Partner's Guide to Labor
Choosing Comfort Measures
There are many types of discomfort a woman may feel during labor. Selecting an effective method for comfort is sometimes done by trial and error. Choose the technique that seems to best fit the situation and try it for a few contractions. If it is not as effective as you hoped, try something else. Keep going until you find a technique that works the best.
It is also normal for a technique that worked for a while to stop working, then begin working again after an hour or more. As labor progresses, the baby's position changes affecting the location and sensations of pain a laboring woman may feel. Even with these changes, many women find favorite comfort measures they return to several times during labor. Be aware of how different comfort measures make you feel, and how you can alter them during different times of labor.
Remember comfort measures can only go so far. The first step in staying comfortable for labor should be selecting a good position. The various labor positions change pressure points, allow different amounts of pelvic stretch and movement and affect the way contractions feel. Before starting a new comfort measure, determine if a new position is necessary.
Once labor starts, you should be able to use your pain management techniques effectively by:
Paying attention to her body
How does she feel the most comfortable? If she feels better standing up, then help her stand up. If massage is too distracting, try a mental relaxation technique. Remember that pain and discomfort are signals the body sends to tell us to do something else.
Creating a routine
Many women find that having a routine procedure for contractions helps them to manage the contractions. A routine could be as simple as a deep breath when the contraction starts, lean over a chair and have someone rub her back. The value of the routine is in knowing that you have an established way to respond to the contraction.
Varying the techniques you use
As labor progresses and the baby moves deeper through the pelvis, the sensations will change. As sensations change, you may need to change the way you handle contractions. You may find a subtle change in position is effective, or you may need to make a major change in the routine you have developed. Understand also that techniques that stopped being helpful may become helpful again later in labor.
A localized pain in labor may be in the back, on a thigh, the front of the pubic bone or at the base of the uterus. Hot and Cold Packs can be helpful in decreasing a localized pain. In addition, you may find counter pressure helpful on the back or thighs. Using the bathroom or a bed pan to keep the bladder empty can help alleviate localized pressure in the front of the pelvis.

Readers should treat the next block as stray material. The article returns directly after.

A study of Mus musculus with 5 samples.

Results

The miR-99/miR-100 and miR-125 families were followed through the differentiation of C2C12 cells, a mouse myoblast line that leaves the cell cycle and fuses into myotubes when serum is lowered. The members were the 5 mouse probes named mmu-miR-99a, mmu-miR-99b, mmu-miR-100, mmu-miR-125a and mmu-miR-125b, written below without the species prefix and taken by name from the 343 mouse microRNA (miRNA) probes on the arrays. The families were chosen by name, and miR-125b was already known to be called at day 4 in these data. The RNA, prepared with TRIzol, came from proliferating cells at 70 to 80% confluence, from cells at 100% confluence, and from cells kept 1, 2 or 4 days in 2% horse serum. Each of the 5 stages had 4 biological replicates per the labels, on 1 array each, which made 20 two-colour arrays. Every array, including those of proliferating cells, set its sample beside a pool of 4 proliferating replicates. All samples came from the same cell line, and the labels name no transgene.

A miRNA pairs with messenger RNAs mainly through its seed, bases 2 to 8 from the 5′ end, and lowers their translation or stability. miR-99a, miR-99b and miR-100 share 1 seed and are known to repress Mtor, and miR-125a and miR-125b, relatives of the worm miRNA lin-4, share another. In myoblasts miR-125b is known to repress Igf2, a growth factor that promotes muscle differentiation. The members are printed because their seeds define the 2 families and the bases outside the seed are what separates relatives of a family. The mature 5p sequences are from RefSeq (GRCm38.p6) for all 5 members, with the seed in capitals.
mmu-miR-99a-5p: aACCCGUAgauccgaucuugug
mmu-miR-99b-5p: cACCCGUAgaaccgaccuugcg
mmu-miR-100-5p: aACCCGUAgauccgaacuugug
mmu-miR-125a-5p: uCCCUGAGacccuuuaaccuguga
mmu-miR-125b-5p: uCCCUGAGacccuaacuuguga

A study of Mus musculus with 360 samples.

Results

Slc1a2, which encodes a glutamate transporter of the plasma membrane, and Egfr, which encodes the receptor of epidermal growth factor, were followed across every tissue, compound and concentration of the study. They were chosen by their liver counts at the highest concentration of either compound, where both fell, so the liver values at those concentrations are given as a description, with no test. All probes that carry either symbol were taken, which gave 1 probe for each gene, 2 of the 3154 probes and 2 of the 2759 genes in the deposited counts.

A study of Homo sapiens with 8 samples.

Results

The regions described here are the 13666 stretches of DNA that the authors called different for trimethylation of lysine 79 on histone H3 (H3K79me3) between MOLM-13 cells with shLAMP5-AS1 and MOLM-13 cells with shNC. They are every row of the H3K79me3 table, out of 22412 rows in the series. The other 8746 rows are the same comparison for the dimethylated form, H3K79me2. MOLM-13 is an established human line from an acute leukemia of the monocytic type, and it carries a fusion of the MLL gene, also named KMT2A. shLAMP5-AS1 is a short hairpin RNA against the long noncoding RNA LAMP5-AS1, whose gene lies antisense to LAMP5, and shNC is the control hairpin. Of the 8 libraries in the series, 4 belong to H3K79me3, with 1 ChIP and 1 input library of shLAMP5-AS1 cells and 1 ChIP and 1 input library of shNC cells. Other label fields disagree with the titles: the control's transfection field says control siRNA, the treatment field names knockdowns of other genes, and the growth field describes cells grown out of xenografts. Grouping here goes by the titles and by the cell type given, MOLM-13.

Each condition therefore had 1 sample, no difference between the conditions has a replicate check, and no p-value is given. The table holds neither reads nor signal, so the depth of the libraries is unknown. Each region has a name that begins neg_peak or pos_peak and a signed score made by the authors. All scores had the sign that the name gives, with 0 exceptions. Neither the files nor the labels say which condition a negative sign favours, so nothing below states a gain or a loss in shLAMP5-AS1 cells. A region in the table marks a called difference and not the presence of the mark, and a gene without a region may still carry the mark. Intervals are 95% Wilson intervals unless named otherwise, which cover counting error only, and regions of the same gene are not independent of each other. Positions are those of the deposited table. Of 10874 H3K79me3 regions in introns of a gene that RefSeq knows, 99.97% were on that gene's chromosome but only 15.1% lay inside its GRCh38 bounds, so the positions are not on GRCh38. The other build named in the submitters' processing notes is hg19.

Painful contractions felt mostly in the back can be a sign of an occiput posterior baby. You may find using Hot and Cold Packs, a rolling pin, tennis balls, a weighted ball or a frozen water bottle to the back effective at lessening the discomfort. Techniques such as the hip squeeze, the lift or the lunge can help your baby move into a more favorable position, while counter pressure, water and vocalization may help you deal with the pain.
A feeling of fatigue during labor can be helped by sleeping or using relaxation techniques such as abdominal breathing, progressive relaxation, the rainbow technique and visualization. Staying hydrated and getting fresh air can also help. Some women try aromatherapy, drinking tea or eating a teaspoon of honey or a lollipop for energy.
Baths and showers can be effective at managing discomfort for many body parts at one time. A birth ball or rebozo can be used to select more comfortable labor positions. Massage techniques such as effleurage, kneading, pressure and stroking can provide comfort to large body surfaces. Relaxation techniques such as abdominal breathing, progressive relaxation, the rainbow technique and visualization can help minimize the pain. Rhythmic breathing and music may distract, lessening the sensation of pain.
When labor is progressing slowly, techniques such as walking and swaying, nipple stimulation and visualization can be used to try to speed up labor. Often, changing position can help eliminate a poor presentation, which is a common cause of slow labors.
If a fast labor is frightening, relaxation techniques such as Rhythmic breathing or abdominal breathing, progressive relaxation, the rainbow technique or visualization may be helpful at keeping the mother calm.